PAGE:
Double Dip was a new lifeline introduced in the U.S. in 2004 during Who Wants to Be a Super Millionaire. In 2008, it replaced 50:50 for the clock format, but was discontinued in 2010 when the Shuffle format began.
This lifeline allowed the contestant to make two guesses on a question, but required them to play out the question, forbidding them to walk away or use any further lifelines. The lifeline did not get reinstated if the first guess turned to be correct.
On Super Millionaire, this lifeline (alongside Three Wise Men) was only given to contestants who had correctly answered the tenth question, the second milestone level. As the penalty for an incorrect answer to a top-tier question was usually hundreds of thousands, if not millions of dollars (e.g., answering the 13th question incorrectly made a contestant lose $900,000), and that contestants who chose to use Double Dip were forced to answer the question no matter what, the host Regis Philbin used to ask contestants who intended to use Double Dip for confirmation that they really want to use the lifeline before actually letting them have their two guesses.
On the clock format of the U.S. show, this lifeline was available to contestants as soon as they began their game (they no longer needed to earn it). Once a contestant stated that they wanted to use this lifeline, the lifeline would automatically activate (a manual confirmation was no longer required), and the clock would immediately stop to let contestants make their first guess. If it turned to be incorrect, the host would give a brief explanation and the clock would resume. Contestants who failed to make their second guess before the clock expired were penalized as if they answered incorrectly and would flunk out, and their winning would go back down to the last guaranteed sum (normally, they would be forced to walk away with what they had won up to where they are).
- Starting 4 September 2010, the Double Dip has appeared on the risk format on the Russian version of the show: Kto khochet stat' millionerom?.
Trivia and Notes
- On Super Millionaire, because this lifeline would disallow the contestant's option to walk away, the Double Dip required a confirmation in order to manually activate the lifeline. For some reason, in the U.S. clock format, the lifeline was automatically activated as soon as the contestant asked for it.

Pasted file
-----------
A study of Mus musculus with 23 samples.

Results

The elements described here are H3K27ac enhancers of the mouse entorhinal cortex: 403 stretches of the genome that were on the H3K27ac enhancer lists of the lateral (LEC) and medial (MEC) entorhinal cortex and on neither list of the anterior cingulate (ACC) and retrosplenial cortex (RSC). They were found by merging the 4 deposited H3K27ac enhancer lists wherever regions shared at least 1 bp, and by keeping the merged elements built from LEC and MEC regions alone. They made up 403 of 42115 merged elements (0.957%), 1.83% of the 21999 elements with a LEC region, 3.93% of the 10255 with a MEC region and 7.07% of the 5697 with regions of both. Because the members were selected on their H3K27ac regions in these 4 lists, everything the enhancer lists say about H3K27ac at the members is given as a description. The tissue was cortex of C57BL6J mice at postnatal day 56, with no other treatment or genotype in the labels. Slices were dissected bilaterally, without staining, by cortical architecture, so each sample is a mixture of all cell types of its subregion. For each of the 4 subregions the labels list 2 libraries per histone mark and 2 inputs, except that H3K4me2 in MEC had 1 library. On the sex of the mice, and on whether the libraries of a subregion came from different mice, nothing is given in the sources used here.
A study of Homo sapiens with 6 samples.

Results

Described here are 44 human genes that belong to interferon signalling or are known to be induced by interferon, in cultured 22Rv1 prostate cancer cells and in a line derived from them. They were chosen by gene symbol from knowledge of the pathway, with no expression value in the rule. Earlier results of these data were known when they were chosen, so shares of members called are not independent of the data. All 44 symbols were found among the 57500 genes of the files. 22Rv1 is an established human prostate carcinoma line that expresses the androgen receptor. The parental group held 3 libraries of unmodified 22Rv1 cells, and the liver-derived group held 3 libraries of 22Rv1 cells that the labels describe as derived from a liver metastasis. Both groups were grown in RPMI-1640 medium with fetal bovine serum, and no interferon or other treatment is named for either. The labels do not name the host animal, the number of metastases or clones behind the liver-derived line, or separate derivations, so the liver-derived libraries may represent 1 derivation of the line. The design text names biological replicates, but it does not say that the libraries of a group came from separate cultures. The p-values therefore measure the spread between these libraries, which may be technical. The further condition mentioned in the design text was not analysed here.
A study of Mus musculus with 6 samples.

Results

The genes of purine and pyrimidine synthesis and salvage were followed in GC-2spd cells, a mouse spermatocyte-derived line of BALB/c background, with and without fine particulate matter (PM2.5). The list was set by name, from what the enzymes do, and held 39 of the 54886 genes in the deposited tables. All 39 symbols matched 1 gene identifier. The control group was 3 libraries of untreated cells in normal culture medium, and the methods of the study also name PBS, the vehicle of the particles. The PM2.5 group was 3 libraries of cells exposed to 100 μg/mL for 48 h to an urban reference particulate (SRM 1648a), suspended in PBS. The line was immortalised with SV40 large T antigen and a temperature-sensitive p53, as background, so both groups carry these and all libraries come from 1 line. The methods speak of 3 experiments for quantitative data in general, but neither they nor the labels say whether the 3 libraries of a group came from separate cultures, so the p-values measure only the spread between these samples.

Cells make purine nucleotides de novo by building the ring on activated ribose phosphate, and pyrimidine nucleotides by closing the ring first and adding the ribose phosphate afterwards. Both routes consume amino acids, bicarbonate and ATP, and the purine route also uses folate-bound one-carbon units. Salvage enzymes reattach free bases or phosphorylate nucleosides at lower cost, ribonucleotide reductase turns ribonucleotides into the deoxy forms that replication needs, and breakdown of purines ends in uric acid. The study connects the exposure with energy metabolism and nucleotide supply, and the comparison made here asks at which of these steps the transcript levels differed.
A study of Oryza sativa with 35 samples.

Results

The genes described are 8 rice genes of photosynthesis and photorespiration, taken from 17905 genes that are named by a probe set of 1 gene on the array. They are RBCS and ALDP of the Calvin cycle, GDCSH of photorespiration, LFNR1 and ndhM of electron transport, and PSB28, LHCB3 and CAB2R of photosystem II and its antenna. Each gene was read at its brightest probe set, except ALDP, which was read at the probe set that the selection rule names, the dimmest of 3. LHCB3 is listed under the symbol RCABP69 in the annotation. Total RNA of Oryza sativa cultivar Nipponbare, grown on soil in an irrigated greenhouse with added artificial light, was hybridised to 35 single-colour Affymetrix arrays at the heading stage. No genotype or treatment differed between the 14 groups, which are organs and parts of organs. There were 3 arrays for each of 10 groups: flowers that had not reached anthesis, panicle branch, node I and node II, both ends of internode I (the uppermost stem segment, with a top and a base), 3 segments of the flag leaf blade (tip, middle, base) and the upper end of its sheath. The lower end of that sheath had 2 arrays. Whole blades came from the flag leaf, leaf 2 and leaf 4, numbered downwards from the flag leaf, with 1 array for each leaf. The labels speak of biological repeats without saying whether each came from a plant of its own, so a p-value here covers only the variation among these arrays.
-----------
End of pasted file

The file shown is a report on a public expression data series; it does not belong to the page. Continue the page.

- This caused some contestants, such as Stephanie Osorio and Ed Mitchell, to forget about the timer and/or the fact that they are not allowed to walk away when time resumes (running out of time before giving a second answer with Double Dip has the same effects as answering a question incorrectly). Stephanie was unable to lock in To Kill a Mockingbird as her second answer in three seconds (this would have been also wrong however), while Ed tried to walk away without giving a second answer as time ran out, as Meredith explained afterward that "you can't walk away with Double Dip".
- In versions of the game that feature both Double Dip and 50:50, it is possible for a contestant to use their 50:50 to eliminate two of the wrong answers, and then use their Double Dip to determine the correct answer, although the rule regarding this is that they must use the 50:50 lifeline first. Although noticed by some Super Millionaire contestants, no one managed to keep their 50:50 lifeline past the $100,000 milestone question. However, in other countries' versions, such as the Russian, Turkish, Filipino, and Austrian versions, a few contestants managed to use both lifelines on the same question.
- The first contestant in the world to use Double Dip on the final question was Prashant Batar. He incorrectly answered the same final question twice, causing the million pound lose cue to play twice as well.
- In the Thai version, using Double Dip does not prevent the contestant to walk away. It also does not prevent the contestant from using another lifeline on the question.